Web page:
Every year, West Dorset’s artists, designers and makers open their doors for a week, inviting the public into their space to experience their work and get a glimpse into their creative process.
Naturally, many of the works on display are inspired by the Jurassic Coast. Not only is does the Coast lie on their doorstep, the unique and ever-changing geological features of the World Heritage Site are a continual inspiration for many.
To celebrate Bridport and West Dorset Open Studios, taking place this week, we caught up with local visual arts practitioner Sarah Jane Ross. Sarah is a Bridport-based visual arts practitioner who work in a variety of mediums (sculpture, printmaking, jewellery and painting). She also delivers art sessions to over 20 care homes across West Dorset as part of the Creative Minds initiative.
Describe your relationship to the Jurassic Coast
It’s a love story. My partner and I fell in love with it many years ago and uprooted our lives over 100 miles away to be here. I have started sea swimming, which is an invigorating pastime that offers a new view of the coast. As a dog owner, I’ve spent many a happy hour – both in sunshine and blustery winds – walking along the beaches at West Bay, Lyme Regis, Cogden, Eype and West Bexington, among many others!
Can you talk about your latest work on display at Bridport & West Dorset Open Studios and how it is inspired by the Jurassic Coast?
My WB (West Bay) series of work, created in a variety of media (paint, mixed media, printmaking) explores the theme of ‘pretty versus powerful’ – new perspectives on our beloved coastline. All the work references the sea – water connects us to our surroundings, to nature, and to each other. I’m also influenced by music – some of the work features piano keys, for example, whilst the titles are songs I love.
My jewellery is made from driftwood collected on the Jurassic Coast (West Bay and Charmouth), using a Japanese technique of wood preservation. Each piece has travelled and turned, with its own unique narrative. It carries its own story, harnessing calmness or energy, like the sea itself.
In addition to your own artistic practice, you deliver visual arts sessions in care homes in West Dorset and East Devon. To what extent does the Jurassic Coast feature in these sessions, if at all?
In the art sessions over the summer we have been creating paintings of ammonites (on black paper), as a direct result of the local heritage. We’ve also made displays using Bridport net and created watercolours inspired by Turner’s ‘Bridport Harbour’. I’ve also created my own series of linocuts based on Turner’s work which are on display in my studio and Bridport Arts Centre. I get some of my best ideas for sessions travelling to the care homes (from Lyme Regis to Weymouth) as I ‘hug’ the coastline (coastal roads) a lot and it continues to inspire me.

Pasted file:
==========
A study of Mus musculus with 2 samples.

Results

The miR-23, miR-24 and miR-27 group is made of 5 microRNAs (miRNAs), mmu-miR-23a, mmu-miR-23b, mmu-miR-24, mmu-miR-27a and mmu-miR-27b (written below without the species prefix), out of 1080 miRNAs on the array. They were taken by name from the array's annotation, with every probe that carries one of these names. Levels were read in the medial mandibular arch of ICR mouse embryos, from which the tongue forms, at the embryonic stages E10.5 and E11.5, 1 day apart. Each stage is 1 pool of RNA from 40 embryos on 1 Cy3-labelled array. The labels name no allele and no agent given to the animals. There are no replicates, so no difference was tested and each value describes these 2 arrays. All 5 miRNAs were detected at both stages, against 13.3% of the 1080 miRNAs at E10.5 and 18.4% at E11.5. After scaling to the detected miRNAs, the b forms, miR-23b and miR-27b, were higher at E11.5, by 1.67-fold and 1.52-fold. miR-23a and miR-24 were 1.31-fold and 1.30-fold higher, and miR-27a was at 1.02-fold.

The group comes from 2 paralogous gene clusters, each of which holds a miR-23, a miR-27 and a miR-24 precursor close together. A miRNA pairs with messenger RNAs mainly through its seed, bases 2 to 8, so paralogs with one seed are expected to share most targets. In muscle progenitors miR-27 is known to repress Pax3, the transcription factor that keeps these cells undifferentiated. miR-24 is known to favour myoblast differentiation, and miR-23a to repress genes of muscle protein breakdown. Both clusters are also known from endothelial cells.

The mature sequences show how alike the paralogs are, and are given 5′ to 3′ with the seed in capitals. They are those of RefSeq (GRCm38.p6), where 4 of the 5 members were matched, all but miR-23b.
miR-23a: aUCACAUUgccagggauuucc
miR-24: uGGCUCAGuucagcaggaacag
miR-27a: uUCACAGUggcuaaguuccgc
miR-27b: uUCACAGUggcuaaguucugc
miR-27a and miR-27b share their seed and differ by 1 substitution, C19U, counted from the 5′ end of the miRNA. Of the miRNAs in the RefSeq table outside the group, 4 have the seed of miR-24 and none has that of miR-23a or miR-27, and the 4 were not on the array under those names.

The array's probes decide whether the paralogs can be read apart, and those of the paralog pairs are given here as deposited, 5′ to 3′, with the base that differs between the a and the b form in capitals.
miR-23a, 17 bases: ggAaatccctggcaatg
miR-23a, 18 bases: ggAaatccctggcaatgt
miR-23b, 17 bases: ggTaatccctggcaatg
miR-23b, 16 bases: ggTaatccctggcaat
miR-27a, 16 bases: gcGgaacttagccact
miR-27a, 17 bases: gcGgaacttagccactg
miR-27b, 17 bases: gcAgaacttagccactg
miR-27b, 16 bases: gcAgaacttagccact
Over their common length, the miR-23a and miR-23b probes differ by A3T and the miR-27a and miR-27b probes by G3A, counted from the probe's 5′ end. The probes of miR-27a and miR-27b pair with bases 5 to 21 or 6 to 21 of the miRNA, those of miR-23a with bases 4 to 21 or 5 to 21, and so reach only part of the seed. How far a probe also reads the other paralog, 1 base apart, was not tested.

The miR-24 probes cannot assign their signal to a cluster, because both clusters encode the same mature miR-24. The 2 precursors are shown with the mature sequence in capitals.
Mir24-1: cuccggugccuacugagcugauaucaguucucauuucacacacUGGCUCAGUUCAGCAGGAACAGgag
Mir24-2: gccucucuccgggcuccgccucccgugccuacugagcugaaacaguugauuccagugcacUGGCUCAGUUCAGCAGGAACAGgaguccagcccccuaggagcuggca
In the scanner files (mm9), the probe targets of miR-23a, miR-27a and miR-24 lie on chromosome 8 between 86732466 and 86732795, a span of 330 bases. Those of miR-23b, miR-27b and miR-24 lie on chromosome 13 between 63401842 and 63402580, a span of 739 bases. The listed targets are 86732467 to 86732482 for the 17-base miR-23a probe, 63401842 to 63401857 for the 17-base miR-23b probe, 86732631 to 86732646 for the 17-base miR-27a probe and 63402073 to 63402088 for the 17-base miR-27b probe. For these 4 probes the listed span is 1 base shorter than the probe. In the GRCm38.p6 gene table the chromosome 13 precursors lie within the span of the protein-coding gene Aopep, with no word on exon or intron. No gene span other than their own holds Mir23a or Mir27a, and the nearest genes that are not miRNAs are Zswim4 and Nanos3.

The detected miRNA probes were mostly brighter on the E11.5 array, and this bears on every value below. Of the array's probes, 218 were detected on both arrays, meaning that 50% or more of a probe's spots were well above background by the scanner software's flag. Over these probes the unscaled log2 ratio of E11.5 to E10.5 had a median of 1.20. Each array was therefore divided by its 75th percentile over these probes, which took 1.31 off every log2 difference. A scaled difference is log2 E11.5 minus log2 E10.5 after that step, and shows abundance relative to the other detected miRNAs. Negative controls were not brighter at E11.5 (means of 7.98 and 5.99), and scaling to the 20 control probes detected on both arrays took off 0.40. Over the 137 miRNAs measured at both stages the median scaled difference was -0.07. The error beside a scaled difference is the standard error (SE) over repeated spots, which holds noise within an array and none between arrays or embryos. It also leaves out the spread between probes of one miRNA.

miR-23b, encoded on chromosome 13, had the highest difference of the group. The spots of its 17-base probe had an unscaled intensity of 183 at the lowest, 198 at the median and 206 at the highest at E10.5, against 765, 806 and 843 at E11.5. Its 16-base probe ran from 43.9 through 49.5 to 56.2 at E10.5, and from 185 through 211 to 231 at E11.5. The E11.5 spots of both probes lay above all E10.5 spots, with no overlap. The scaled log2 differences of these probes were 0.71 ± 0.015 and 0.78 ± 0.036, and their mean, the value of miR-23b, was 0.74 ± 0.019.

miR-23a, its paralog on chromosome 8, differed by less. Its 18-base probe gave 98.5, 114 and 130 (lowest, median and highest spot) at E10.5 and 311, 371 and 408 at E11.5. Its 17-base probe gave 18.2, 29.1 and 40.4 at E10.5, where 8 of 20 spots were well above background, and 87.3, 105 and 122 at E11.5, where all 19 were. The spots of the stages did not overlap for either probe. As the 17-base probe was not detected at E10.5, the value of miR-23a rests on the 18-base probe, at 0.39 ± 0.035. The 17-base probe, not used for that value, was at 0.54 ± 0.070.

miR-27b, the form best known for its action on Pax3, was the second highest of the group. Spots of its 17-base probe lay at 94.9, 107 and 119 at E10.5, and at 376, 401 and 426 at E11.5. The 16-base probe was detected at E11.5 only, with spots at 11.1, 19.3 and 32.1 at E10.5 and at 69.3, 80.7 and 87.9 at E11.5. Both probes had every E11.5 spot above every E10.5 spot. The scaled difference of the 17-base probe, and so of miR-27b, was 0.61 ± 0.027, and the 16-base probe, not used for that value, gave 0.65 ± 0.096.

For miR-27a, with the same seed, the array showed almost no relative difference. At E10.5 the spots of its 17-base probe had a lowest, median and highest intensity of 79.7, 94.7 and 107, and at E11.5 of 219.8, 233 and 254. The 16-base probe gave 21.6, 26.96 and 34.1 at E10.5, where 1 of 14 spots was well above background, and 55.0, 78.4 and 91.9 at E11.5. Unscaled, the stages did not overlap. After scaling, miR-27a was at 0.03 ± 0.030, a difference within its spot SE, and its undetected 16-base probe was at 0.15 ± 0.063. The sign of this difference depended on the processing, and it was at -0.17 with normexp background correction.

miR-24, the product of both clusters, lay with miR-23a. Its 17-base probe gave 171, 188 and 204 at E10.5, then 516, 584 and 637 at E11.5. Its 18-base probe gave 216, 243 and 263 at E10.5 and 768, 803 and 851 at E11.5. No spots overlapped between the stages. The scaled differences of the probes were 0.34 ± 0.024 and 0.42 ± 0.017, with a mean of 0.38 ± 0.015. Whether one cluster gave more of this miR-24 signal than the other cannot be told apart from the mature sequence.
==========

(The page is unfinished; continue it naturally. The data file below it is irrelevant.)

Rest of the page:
Your ethos is ‘create not consume’. Do you think everybody has a creative streak? Is there one thing that everyone could do that would help embody that ethos?
I absolutely believe that everyone has creativity within them, it just manifests itself in different ways. In my role as a community artist people often say “I’m not creative” – there can be a confidence or self-esteem issue, but after giving visual arts a go, there’s a tremendous sense of achievement. Also, it can give you time to switch-off, to be in the ‘flow’ moment to moment, which is pretty useful.
In terms of directly applying the mantra ‘create not consume’, if we can just pause and think before any purchase: “Do I really need this?” That would help. “Do I already own it, is it still functioning, if it’s broken can I fix it, can I buy second-hand, can I repurpose it, can I borrow it?”
Why do you think the Jurassic Coast attracts so many artists?
Its wonderful light, tantalizingly rugged coastline, the sense of space, the seasonal changes of colours of the vast landscape. The sea air and slower pace of life here (no cities, no motorways), is a conduit for creativity.
Your work is displayed at Bridport Open Studios is displayed alongside another local artist Megan Dunford. Can you talk about the parallels between your work?
Megan and I both enjoy playing with imagery and materials. We are inspired by our surroundings – mine the Jurassic Coast, Megan’s her recent travels to Mexico and Peru. The threads of underlying narratives is explored in both of our work.
One of the best things about Open Studios is that it allows us the opportunity to speak to people about our work, offering fresh insights.
The studio and exhibition (Venue 43) is open everyday, until Sunday 15th September, 10am – 4pm, at Grasmere, 4 Asker Gardens, Bridport DT6 3QA.
For further information visit Bridport and West Dorset Open Studios.